How China helps lead global recovery in testing times – by Haihong Gao

The outbreak of Covid-19 has disrupted Chinese economic activity. In the first quarter 2020, China’s GDP contracted by 6.8%, the lowest since 1992 when China first reported quarterly data. Fixed asset investment and retail consumption – the two major demand drivers – dropped respectively 16.1% and 19% year-on-year. The service sector, industrial production and agriculture – the three supply drivers – also fell by 5.2%, 9.6% and 3.3%, respectively. This sharp economic downturn is a reasonable reaction to drastic exogenous shocks. It also raised the concern that how resilient the Chinese economy is, as China was the first country to face the outbreak, and there are still unknowns about the impact of the health crisis.  

China has confronted multiple economic challenges since the Trump administration sparked a trade war in early 2018. The negative impact of escalating tariffs was expected. Domestic rebalancing has been on the right track. But some key reforms faced a bumpy road. The financial system has recovered from deleveraging. Domestic debt, though, has reached an unsustainable level. The outbreak of the health crisis interrupted the growth path but also forced the Chinese government to prioritise a different task – containing the virus.hina has succeeded in halting the spread of coronavirus, as far as the domestic front is concerned. However, the effort has been costly. Policy-makers have to promote an economic recovery in a balanced way. The People’s Bank of China must balance rising inflation pressure and the need for financing the real economy. In March, the central bank conducted less aggressive, but clearly targeted, monetary easing by releasing Rmb550bn ($77.6bn), 73% of which targeted vulnerable small companies and private enterprises, the power houses for job creation. In order to further lower financing costs for companies, the central bank cut the one-year Loan Prime Rate (LPR) by 20 basis points and five-year LPR by 10 basis points on 20 April. The anti-virus stimulus came at the time that China’s fiscal policy geared towards foster consumption. With additional stimulus, equivalent to more than Rmb3.6tn ($510bn), China expects an increase in infrastructure investment that can quickly fill the gap from lower consumption. However, some experts question the efficiency of the fiscal boost and say it may worsen debt problems locally and nationally.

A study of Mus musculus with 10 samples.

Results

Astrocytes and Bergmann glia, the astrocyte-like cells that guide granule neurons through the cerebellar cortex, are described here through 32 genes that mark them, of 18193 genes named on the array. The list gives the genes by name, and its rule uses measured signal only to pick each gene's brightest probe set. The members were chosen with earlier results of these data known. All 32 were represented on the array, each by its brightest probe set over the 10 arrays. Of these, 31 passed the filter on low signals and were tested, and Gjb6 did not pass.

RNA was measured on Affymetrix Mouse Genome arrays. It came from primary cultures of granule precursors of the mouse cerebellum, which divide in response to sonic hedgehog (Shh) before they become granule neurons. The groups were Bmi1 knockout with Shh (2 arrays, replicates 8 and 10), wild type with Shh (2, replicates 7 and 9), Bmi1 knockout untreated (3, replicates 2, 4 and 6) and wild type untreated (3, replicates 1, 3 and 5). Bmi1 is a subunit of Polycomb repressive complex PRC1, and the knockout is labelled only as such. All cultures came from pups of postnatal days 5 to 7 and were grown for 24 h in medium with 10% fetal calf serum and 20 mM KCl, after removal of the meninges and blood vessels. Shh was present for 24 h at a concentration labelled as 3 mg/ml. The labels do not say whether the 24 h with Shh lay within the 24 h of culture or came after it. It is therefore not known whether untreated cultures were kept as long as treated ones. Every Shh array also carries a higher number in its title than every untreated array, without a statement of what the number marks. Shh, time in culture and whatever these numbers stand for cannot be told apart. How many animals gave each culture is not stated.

More importantly, in April, the government decided to restart the reform for domestic factor market, a plan first set out in 2013 at the Third Plenum, but suspended in some key areas in the following years. According to the reform plan, market force will play a decisive role in the pricing of land, labor, capital, technology and data. Such reform will lead China toward a more market-oriented economy in the medium and long-run.
One challenge for China’s domestic recovery lies in external repercussions as a result of highly interlinked global supply chains. China shows some early signs of a production recovery, but this will be sustained only if external markets provide demand. Some global supply chains may be relocated, reflecting an emerging trend towards deglobalisation. China needs to combine openness, domestic reform, and a better investment environment.
The most difficult test concerns international co-operation. The pandemic knows no borders, yet containing the virus requires isolation. Stages of contagion vary from country to county, which makes coordinated action unlikely. In fighting the economic impact, central banks and treasuries worldwide have intervened without explicit coordination. The G20 leaders and international organisations called for collective actions to fight the pandemic. In response to emergency needs, the International Monetary Fund deployed its arsenal of financial instruments to support its member countries. The Federal Reserve, the last lender of resort, extended dollar swap lines to more central banks in order to ease global liquid shortage. More collective effort is needed to rebuild confidence on the financial markets and elsewhere. China has been part of this effort – and that will continue.

Updated, 20 April 2020; early version titled “Resilient China can help lead global recovery” published on OMFIF, 25 March 2020.

Haihong Gao is Director of the Research Centre for International Finance, Institute of World Economics and politics, Chinese Academy of Social Sciences.